Steve Jobs unveils the iPhone at the Macworld Conference in January 2007 in San Francisco. TONY AVELAR/AFP/Getty Images


Molly Wood: So what a fascinating story, especially for some of us who may have been covering tech for quite a while.

Brian Merchant: Yeah. Thank you.

Wood: Let’s start at the top, I guess. How is the development of the iPhone different than the development of anything, any other computer that Apple has done, the iMac or something like that?

Merchant: Well, at the point when the designers and engineers started to really think about the interaction paradigm, which is really kind of ultimately what sets the iPhone apart, which is that it’s based on multi-touch and you’re touching. There weren’t a lot of consumer facing touchscreens out at the time. So they were really kind of answering this question of how do we want to interact with our devices?

Wood: Well, it sounds like internally, at least, at this sort of time of birth there were a couple of competing teams working on things, right? You had sort of Tony Fadell’s iPod-based model, and then you had what Steve Jobs wanted, which was a smaller tablet. Is that a fair characterization?

Merchant: Yeah, so it was this experimental project that was kind of waiting in the wings, but they decided that it just was too expensive, so they put it on hold. And then the iPod took off, and there was this business imperative that said, “OK, well, cell phones are getting smarter too.” And pretty soon people are going to be able to put music on their cell phones. So they were really worried about this prospect of cell phones eating the iPod’s lunch. So they decided to do one themselves. And then at the time the obvious answer was slap a phone onto the iPod. But in the development process, they really ran into a bunch of hurdles, because it turns out it’s really hard to make calls with a rotary click wheel.

Wood: What are some of the other reasons why that multi-touch approach, the sort of Steve Jobs vision, won out?

Merchant: Well, you know, you had a bunch of really smart people who’d been working together for a really long time. Once they saw, you know, this interaction paradigm where we went, “Wait a second. We can touch computers. We can play with data with our hands. We can do direct manipulation,” as they called it. They said, “You know what? We can turn this into a mobile computer.” So they basically kind of took that up, and it started looking like this really compelling, really exciting way to make a phone. And once the click wheel didn’t work, they kind of had this famous meeting where they were like, “You know what? There’s one of these two projects that we really want to do, and it’s pretty clear that this is the one that excites people, so let’s just do it.”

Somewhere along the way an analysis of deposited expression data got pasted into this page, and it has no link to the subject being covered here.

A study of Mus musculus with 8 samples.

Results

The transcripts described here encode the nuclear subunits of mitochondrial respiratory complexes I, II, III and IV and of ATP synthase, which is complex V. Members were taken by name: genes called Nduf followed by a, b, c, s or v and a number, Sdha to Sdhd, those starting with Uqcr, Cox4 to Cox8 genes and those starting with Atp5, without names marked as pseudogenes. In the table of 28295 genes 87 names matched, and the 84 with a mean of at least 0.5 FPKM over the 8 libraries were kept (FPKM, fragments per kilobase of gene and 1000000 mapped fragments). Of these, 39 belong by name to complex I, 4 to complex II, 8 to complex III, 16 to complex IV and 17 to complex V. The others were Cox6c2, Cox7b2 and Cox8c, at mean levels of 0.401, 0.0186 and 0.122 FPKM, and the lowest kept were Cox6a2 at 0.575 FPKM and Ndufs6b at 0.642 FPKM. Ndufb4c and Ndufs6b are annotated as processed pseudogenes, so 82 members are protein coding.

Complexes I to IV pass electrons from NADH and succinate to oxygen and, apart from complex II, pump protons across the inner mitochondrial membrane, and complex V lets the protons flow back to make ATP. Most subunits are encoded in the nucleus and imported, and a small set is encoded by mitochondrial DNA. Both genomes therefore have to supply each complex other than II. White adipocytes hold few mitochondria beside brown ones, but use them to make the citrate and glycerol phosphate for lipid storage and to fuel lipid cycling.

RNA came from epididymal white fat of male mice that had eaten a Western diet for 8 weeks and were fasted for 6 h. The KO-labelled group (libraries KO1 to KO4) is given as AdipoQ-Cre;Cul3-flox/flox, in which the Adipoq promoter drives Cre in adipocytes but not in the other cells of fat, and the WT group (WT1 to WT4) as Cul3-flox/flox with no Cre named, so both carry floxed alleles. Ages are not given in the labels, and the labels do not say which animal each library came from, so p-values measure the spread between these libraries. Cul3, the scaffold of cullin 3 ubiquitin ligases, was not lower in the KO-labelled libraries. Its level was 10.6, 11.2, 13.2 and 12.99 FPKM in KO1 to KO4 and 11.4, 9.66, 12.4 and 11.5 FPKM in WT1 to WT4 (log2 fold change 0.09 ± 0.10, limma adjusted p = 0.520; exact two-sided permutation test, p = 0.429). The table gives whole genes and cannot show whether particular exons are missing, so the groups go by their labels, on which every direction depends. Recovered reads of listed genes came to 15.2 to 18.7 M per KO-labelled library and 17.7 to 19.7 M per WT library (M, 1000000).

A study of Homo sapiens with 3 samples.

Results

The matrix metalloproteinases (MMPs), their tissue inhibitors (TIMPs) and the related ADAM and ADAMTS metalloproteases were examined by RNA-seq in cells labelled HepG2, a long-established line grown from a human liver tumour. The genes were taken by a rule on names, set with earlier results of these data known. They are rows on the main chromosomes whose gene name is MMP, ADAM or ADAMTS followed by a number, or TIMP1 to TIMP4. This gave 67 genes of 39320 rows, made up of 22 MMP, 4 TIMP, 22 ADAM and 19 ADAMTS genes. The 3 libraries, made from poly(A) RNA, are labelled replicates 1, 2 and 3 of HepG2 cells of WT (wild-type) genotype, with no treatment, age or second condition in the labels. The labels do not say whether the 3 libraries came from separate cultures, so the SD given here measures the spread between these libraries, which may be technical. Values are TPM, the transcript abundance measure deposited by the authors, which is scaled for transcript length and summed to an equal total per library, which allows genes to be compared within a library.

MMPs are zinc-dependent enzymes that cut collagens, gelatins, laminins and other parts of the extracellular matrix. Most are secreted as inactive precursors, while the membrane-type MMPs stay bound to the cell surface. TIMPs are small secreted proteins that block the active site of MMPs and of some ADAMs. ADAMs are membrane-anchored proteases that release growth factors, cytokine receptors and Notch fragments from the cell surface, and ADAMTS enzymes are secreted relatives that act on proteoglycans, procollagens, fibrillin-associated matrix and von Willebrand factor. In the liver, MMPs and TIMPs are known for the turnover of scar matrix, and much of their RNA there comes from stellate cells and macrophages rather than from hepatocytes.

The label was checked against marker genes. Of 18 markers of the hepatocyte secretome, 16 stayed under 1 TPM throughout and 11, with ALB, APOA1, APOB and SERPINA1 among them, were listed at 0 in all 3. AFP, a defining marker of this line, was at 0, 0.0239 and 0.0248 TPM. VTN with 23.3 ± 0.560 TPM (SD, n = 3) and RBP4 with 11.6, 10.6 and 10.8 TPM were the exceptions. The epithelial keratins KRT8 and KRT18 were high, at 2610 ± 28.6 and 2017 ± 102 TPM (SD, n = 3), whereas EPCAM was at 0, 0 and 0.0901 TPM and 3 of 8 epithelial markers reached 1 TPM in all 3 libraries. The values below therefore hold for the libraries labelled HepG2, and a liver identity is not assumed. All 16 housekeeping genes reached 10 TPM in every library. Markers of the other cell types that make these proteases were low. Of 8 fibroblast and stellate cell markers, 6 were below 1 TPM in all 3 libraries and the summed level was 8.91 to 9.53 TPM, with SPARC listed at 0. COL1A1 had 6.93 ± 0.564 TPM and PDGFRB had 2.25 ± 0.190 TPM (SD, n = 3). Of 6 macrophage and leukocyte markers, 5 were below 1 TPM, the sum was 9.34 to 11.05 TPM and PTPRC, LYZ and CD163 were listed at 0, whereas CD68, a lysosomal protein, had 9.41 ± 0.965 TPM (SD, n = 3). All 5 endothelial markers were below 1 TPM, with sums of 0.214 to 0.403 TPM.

Wood: So tell me, what was life like for the engineers working on this project?

Merchant: Well.

Wood: In 30 seconds or less, how miserable are we talking here?

Merchant: Let’s say very unpleasant. I’ve had it described as a soup of misery, as, you know, a lot of f bombs were dropped. It was chaos. It was round the clock. Only the people with security clearance could get in. And that meant very little got out, including, you know, dirty laundry and trash. So the trash was piling up. It stunk. There were shouting matches and slammed doors. And it really was intense.

Wood: And so then the iPhone comes out. It’s obviously so influential on the cell phone market. If Apple had not made this phone, if they had not gone in this direction with multi-touch and all of these interface designs, what do you think, can you speculate on what you think phones might look like now?

Merchant: Oh, man, it’s just so ubiquitous. We take it for granted. We see a screen without a keyboard. We assume we can touch, swipe, prod, poke it. If it hadn’t gone with multi-touch, maybe we’d all have these little tiny keyboards that we’d still be getting arthritis in our hands early from pecking away on. It’s it’s really hard to speculate.